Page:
Prisoners settle suits over potentially tainted injections


The settlements, finalized last month, call for 15 inmates to each receive between $750 and $2,000.

The lawsuits alleged that in 2013 a nurse injected a diabetic inmate who also suffered from hepatitis C twice with the same needle, dipping it back into the insulin vial between uses.

The same vial was then used for injections for up to 82 other inmates, according to the lawsuits.

The lawsuits allege the department then failed to test the inmates in a timely manner to determine if they had contracted hepatitis.

The inmates had sought as much as $1 million each.

Attorney Peter Bowman, who filed one of the lawsuits on behalf of four inmates, said, in addition to money, the prisoners were seeking to shine a light on problems within the Department of Correction's health care system.

"This is what litigation is for," said Bowman, who left the case before the settlement was reached. "The health care system has some flaws. We're hoping this litigation will hopefully bring better health care to everyone."

Karen Martucci, a spokeswoman for the Correction Department, said the injections were the result of an employee failing to follow established protocols.

"The Department of Correction, in collaboration with UConn Health and the Department of Public Health, immediately took appropriate action, including notification and testing of all identified offenders," she wrote in an email. She said health staff have received training for distributing medication.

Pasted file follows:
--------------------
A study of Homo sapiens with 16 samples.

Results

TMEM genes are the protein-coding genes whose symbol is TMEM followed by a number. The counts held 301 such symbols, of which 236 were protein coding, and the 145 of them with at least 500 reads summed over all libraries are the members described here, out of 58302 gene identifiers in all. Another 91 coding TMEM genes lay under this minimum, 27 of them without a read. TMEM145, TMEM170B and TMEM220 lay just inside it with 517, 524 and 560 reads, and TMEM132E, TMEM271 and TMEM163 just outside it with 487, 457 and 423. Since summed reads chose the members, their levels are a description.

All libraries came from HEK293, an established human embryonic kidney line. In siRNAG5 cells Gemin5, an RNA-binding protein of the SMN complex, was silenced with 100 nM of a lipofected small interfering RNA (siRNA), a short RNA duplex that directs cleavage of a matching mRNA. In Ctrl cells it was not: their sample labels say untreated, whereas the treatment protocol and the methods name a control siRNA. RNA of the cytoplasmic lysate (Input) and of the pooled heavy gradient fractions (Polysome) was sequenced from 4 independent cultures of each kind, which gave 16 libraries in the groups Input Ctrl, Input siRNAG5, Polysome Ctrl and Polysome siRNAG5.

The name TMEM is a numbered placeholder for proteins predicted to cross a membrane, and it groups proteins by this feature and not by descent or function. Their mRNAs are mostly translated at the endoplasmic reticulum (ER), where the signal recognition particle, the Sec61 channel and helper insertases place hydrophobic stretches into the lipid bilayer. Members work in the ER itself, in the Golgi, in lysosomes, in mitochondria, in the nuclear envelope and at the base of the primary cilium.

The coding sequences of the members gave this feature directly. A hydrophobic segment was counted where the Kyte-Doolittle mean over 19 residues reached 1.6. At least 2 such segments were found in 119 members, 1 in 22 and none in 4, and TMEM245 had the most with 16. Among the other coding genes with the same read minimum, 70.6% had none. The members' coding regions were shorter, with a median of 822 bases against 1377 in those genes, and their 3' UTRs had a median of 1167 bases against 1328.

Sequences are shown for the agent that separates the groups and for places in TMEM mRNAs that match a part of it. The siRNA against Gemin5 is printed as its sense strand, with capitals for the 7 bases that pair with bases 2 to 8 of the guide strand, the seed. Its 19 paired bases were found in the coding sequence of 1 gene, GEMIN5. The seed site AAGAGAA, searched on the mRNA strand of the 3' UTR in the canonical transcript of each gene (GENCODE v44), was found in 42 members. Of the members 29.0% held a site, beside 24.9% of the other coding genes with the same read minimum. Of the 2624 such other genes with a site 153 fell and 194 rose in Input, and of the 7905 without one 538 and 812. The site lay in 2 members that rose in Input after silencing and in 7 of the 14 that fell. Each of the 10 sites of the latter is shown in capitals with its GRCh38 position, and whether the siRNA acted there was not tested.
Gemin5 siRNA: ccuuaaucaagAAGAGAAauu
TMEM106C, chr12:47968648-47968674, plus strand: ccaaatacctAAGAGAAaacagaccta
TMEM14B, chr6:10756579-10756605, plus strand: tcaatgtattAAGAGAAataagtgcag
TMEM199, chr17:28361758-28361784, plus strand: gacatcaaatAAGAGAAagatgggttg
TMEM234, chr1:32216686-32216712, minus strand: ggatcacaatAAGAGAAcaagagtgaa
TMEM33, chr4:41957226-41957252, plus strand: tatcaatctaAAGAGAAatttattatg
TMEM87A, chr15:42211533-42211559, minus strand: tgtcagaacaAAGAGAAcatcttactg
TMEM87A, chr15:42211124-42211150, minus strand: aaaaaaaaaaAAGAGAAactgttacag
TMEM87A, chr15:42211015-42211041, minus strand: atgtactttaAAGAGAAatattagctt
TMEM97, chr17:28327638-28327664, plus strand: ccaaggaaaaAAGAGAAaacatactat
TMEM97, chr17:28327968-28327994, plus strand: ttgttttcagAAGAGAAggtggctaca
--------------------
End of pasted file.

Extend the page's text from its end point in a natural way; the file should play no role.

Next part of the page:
The state Department of Correction last year took over medical care for prisoners from the University of Connecticut amid numerous complaints over the quality of inmate care.

Those included an unrelated lawsuit that alleges the state has failed to properly screen for or treat hepatitis C in its prisons.

The state also faces lawsuits from inmates who claim that, while UConn was in charge of the prison health care system, symptoms of cancer and other serious illnesses were ignored or the diseases misdiagnosed.

The department also received criticism last year after an inmate at the York Correctional Center, the state's only prison for women, gave birth in her cell. Prison officials blamed a miscommunication with UConn Health staff.